Pacific Wingfoot Snail

Pacific Wingfoot Snail

Author: Shelbie Montagnaro

Common names: Pacific Wingfoot Snail, Sea Butterfly

Scientific name: Gastropteron pacificum

Size Range: to 33mm (1.3 inches) in length


Identifying Features: The Sea Butterfly has a shell-like appearance. Its foot and swimming lobes are a yellow-ocre color and it has clusters of red-purplish dots all over its body. When viewed up close the main body appears translucent.

Habitat: You will often find young individuals of Gastropteron pacificum swimming erratically in open water using a flapping motion of their lateral foot lobes. They can be found from the surface of the water to as deep as 30 meters below sea level from Alaska all the way along the western coast to San Diego, California.  Despite the pelagic nature of the young of this species it lives mostly a benthic life.  It moves about on the sea floor in soft sediment and looks much like a regular snail with its lobes folded over its body.

Prey: Plankton is the only known prey of the sea butterfly, although there is research being done to find other food sources of this species.

Predators: The only known predator that has been recorded is the Cephalaspidian mollusk Navanax.  Contact with predators can induce G. pacificum to begin swimming away using its lateral foot lobes.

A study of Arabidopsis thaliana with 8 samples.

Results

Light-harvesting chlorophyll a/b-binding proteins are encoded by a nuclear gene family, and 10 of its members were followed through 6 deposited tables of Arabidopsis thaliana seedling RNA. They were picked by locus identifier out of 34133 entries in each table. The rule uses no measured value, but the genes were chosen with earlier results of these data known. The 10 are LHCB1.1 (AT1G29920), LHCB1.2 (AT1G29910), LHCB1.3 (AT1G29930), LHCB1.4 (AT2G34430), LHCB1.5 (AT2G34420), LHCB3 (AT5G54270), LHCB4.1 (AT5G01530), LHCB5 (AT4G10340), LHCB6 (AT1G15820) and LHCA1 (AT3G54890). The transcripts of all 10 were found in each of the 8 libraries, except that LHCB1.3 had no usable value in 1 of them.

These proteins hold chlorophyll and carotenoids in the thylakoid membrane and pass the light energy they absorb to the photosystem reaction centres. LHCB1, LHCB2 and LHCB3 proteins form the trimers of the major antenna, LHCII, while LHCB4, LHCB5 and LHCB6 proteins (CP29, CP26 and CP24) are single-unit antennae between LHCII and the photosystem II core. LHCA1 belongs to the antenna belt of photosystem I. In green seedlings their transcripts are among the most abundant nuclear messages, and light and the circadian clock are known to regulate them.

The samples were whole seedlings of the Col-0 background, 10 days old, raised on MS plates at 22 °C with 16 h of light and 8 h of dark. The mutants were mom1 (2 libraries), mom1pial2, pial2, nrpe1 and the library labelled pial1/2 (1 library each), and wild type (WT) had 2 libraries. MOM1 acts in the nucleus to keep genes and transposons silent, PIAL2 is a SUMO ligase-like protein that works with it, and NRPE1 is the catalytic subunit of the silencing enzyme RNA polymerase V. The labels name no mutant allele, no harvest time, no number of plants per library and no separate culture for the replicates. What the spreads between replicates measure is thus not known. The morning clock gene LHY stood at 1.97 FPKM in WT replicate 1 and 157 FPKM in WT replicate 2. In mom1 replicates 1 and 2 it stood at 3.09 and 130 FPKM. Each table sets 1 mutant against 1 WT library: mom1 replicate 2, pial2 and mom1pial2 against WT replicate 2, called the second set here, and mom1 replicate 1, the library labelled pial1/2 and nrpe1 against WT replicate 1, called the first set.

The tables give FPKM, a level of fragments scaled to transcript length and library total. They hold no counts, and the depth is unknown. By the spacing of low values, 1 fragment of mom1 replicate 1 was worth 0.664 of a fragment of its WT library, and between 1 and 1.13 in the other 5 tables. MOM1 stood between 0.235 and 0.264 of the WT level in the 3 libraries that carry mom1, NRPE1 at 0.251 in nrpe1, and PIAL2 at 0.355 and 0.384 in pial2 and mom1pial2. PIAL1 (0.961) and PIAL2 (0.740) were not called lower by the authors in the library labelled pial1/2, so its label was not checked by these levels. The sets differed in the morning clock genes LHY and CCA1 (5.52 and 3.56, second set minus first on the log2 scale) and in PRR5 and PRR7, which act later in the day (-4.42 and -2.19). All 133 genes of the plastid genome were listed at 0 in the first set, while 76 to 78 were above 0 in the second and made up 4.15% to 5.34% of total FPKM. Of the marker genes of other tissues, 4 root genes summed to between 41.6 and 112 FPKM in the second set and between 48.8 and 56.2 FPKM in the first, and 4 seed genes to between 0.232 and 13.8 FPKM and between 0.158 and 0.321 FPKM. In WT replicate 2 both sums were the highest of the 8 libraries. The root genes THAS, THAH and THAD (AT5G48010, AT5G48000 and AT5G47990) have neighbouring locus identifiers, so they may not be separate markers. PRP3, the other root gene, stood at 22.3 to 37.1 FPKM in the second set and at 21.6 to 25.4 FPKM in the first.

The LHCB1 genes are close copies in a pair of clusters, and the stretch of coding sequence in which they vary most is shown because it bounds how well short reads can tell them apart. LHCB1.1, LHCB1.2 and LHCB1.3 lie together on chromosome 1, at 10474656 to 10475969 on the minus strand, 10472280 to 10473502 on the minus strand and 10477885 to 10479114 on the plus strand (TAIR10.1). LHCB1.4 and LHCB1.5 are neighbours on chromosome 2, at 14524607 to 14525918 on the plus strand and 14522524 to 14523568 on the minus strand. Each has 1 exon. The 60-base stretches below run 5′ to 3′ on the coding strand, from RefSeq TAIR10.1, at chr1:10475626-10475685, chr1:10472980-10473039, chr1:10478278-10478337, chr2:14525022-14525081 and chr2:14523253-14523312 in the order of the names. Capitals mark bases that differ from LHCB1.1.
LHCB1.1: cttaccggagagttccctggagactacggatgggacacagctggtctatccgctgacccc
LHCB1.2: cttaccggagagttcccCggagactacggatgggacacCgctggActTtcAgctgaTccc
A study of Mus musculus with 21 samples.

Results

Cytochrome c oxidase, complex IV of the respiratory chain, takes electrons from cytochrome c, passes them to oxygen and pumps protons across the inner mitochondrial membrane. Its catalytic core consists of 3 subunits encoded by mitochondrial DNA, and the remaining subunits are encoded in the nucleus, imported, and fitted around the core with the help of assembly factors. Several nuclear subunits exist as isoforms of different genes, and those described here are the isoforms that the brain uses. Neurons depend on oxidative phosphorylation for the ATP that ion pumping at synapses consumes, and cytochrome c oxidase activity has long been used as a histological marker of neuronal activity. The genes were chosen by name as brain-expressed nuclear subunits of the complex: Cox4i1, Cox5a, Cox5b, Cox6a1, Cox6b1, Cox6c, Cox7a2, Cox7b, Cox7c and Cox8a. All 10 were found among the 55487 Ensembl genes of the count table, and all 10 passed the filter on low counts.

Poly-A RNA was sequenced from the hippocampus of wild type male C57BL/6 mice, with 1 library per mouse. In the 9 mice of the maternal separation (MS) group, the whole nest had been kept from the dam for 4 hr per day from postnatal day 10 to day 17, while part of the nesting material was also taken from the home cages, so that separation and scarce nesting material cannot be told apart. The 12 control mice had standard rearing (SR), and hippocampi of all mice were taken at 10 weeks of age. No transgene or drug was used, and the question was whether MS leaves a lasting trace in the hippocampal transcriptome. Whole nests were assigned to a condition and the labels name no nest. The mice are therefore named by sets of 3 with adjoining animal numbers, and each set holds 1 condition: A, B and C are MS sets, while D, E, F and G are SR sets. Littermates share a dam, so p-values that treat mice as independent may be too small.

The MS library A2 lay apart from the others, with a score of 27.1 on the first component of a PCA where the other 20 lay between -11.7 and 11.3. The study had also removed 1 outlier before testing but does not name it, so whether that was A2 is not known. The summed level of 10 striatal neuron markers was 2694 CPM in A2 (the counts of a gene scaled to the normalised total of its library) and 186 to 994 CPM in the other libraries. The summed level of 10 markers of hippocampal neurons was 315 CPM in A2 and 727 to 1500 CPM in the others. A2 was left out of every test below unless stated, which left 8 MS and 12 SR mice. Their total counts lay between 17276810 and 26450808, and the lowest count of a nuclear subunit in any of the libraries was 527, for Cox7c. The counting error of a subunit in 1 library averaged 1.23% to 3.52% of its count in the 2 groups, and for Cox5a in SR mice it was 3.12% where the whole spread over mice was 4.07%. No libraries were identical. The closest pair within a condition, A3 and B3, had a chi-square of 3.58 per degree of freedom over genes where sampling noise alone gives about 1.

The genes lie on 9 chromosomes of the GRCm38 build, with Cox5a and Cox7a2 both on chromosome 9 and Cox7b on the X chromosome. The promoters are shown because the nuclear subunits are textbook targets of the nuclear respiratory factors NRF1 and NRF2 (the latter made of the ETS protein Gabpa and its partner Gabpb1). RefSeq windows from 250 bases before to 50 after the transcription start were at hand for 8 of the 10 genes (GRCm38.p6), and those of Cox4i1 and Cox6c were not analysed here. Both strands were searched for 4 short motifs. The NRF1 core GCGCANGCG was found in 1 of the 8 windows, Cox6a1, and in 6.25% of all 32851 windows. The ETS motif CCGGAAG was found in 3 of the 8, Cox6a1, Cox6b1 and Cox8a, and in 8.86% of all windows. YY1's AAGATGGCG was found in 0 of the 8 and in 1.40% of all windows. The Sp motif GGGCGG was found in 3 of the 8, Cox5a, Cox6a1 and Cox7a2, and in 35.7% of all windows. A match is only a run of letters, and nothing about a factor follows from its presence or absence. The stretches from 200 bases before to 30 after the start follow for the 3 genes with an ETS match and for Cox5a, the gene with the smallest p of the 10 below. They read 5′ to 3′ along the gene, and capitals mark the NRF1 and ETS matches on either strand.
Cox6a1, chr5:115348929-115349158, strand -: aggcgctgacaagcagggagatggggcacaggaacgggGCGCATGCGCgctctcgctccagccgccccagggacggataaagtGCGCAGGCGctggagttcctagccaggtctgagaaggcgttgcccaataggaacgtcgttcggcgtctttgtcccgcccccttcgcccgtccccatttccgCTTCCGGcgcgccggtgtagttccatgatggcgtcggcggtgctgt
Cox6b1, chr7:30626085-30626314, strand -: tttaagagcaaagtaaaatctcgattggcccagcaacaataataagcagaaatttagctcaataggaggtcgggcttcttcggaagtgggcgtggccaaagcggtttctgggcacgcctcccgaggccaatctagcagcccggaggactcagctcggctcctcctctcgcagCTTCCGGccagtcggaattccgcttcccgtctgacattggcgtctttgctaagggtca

Pacific Wingfoot Snail at Victoria High School:  A Pacific Wingfoot Snail was collected in open water in Cadboro Bay in a plankton tow in October of 2011.  It was kept in our Seaquaria in the classroom for 5 months.  During this time it was rarely observed swimming though it did swim on occasion when it was disturbed.  It was not directly observed feeding but may have fed upon frozen brine shrimp used to feed the other aquarium inhabitants.

Video by Shelbie Montagnaro and D. Young

Photos by D. Young

References:

Adams, J. (February 11th, 2010). Angels in the Plankton. Sea Life. Retrieved from http://pugetsoundblogs.com/sea-life/tag/gastropteron-pacificum/

Pechenik, A. J. (2005). Biology of the Invertebrates: Fifth Edition. New York: McGraw-Hill

Rudman, W.B., 2001 (February 18) Gastropteron pacificum Bergh, 1894. [In] Sea Slug Forum. Australian Museum, Sydney. Retrieved from http://www.seaslugforum.net/factsheet/gastpaci.

(June 6th, 2011). Habitat. Gastropteron. Retrieved from http://www.eol.org/pages/58143

Wrobel, D. and Mills, C. (1998). Pacific Coast Pelagic Invertebrates: A Guide to the Common Gelatinous Animals. Monterey: Monterey Bay Aquarium.